Sunday, January 1, 2012

Free Rider

We drove up to Edmonton on Dec 30 for a family function at Joe's sister Mary's place.  But our first stop in the city was at the Glenrose Rehabilitation Centre.

On October 29/11, my nephew Tedman missed.  Ted's sport of choice is "extreme mountain biking" - I'm not sure if that's what he calls it, but that's what I call it.  He and some friends have a goal of jumping their bikes 150 feet using strictly gravity and pedal power.  They have been working their way to this goal.  Ted apparently holds the world record now, but the 150 foot jump would be extremely difficult for anyone else to beat.  If they can set it to start with.  And Ted missed.  He "landed" in hospital with a shattered left femur, broken shoulder bones, cracked sternum and serious head injury.  This is a video of what they do.

Two months later, he is making a good recovery and his prognosis is very good.  Nothing that we can do other than visit and encourage his recovery.  So naturally I made a quilt.  I called it Free Rider.  It is the same pattern as Skulduggery that I made last year.  Somehow it seems appropriate.
So here is the rant: I can't leave Ted's story without making a few comments.  I refuse to call it an "accident".  This was not an "accident" - Ted chose to do this and he knew, or should have known, what the potential consequences would be.  Fortunately - he was wearing top of the line protective gear, otherwise we would have been attending a funeral, not visiting him in hospital.  Still, if this was a kid unknown to me, I'd be the grumpy old tax payer incensed that  my tax money would be going toward paying for EMS support, air ambulance ride to hospital, hospital and  medical care, and therapy to mend a kid that was dumb enough to do this and who will likely do it again.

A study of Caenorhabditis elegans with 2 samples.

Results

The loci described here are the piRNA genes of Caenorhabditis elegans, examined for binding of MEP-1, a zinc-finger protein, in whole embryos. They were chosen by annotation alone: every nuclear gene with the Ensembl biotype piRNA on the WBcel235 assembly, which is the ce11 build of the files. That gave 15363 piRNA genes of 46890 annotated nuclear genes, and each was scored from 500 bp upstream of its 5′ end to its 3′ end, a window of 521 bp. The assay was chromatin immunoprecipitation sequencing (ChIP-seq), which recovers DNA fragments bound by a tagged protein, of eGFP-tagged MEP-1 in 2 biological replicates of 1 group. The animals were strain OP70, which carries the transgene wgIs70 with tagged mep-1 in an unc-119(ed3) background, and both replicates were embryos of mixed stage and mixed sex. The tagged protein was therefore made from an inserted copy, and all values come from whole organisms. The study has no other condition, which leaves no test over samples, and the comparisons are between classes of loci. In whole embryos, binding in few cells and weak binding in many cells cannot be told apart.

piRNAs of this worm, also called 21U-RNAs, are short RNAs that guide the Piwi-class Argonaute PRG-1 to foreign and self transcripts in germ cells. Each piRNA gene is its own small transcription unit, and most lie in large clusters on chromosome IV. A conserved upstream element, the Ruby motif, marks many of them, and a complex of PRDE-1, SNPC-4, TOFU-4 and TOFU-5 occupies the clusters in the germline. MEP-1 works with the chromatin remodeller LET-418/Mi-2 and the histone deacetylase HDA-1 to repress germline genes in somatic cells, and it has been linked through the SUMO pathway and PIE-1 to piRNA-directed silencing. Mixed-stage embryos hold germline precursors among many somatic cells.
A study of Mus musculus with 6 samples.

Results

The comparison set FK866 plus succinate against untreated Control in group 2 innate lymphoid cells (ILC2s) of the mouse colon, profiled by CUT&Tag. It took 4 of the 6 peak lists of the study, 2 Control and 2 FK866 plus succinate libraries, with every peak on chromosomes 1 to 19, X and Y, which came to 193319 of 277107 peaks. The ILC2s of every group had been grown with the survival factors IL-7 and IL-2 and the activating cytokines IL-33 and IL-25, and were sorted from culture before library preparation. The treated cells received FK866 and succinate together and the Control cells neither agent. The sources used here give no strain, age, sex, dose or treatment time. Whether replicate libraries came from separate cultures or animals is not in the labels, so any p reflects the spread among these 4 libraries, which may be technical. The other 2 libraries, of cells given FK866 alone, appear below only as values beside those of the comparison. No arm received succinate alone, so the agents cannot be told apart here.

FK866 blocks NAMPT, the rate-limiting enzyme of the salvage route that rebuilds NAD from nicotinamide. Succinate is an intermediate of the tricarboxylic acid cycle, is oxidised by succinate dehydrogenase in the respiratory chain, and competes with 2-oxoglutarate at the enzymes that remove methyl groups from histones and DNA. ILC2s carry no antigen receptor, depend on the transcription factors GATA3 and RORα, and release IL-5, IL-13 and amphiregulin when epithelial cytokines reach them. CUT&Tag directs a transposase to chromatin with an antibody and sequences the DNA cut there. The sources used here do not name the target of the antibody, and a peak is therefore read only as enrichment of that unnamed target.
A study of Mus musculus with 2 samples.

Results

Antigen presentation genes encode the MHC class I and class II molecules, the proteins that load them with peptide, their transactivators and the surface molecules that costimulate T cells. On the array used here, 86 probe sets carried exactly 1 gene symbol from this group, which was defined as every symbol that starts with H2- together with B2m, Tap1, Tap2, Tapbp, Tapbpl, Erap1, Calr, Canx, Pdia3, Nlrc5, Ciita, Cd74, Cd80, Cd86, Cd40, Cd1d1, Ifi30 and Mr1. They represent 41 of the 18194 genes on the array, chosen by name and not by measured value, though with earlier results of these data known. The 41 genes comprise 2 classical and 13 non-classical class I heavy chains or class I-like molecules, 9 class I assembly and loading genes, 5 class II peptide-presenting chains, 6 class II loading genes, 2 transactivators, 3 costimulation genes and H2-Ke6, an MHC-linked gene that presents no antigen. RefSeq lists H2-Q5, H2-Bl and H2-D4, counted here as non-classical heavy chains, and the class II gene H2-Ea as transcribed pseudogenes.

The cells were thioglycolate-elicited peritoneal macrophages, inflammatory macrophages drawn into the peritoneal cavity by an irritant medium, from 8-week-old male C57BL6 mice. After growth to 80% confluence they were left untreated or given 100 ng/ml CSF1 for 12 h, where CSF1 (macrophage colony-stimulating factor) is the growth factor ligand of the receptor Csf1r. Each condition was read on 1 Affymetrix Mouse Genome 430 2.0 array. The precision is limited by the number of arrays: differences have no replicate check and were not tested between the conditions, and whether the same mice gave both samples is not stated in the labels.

On the other hand, if people didn't take chances, all the great accomplishments that are made would not be made.  Taking risks is how astronauts got to the moon, how Europeans "discovered" America, how innovations are turned into wealth generating industries, etc.  People take risks - some people take more risk and they don't think about the downside.  When we saw Ted on Saturday - he was still determined to do this jump and simply jokes about being dead.  At this point the most important thing for him is to do this jump and succeed.  Maybe when he's had a bit more time to recover, he'll change his view, but somehow, I don't think so.  All we can hope is that he gets the best insurance he can find and puts all the possible safety measures in place.

So Ted, if you ever read this, I get that you want to do this - almost have to do it - but I don't like it.  And we love you anyway.


Here is Marjorie with Hobo Hieroglyphics.  She was very happy with it. 

We drove home on Saturday, Dec 31.  It was a beautiful sunny day, but very windy in Edmonton and on the highway heading south.  The wind died down about half way home.  (It was about a 3.5 hour drive from our starting point to home.) I took this pix from the car window to show the snow from the fields being blown across the highway by the wind.


1 comment:

  1. Best wishes for a wonderful 2012!

    I agree with you about taking risks. I know a man who liked to take risks, went abseiling with no protective gear and will be in a wheelchair for the rest of his life. He was very active, loved folk dancing.....can't dance now. His attitude was "life is full of risks"! Let's hope your nephew continues on his recovery.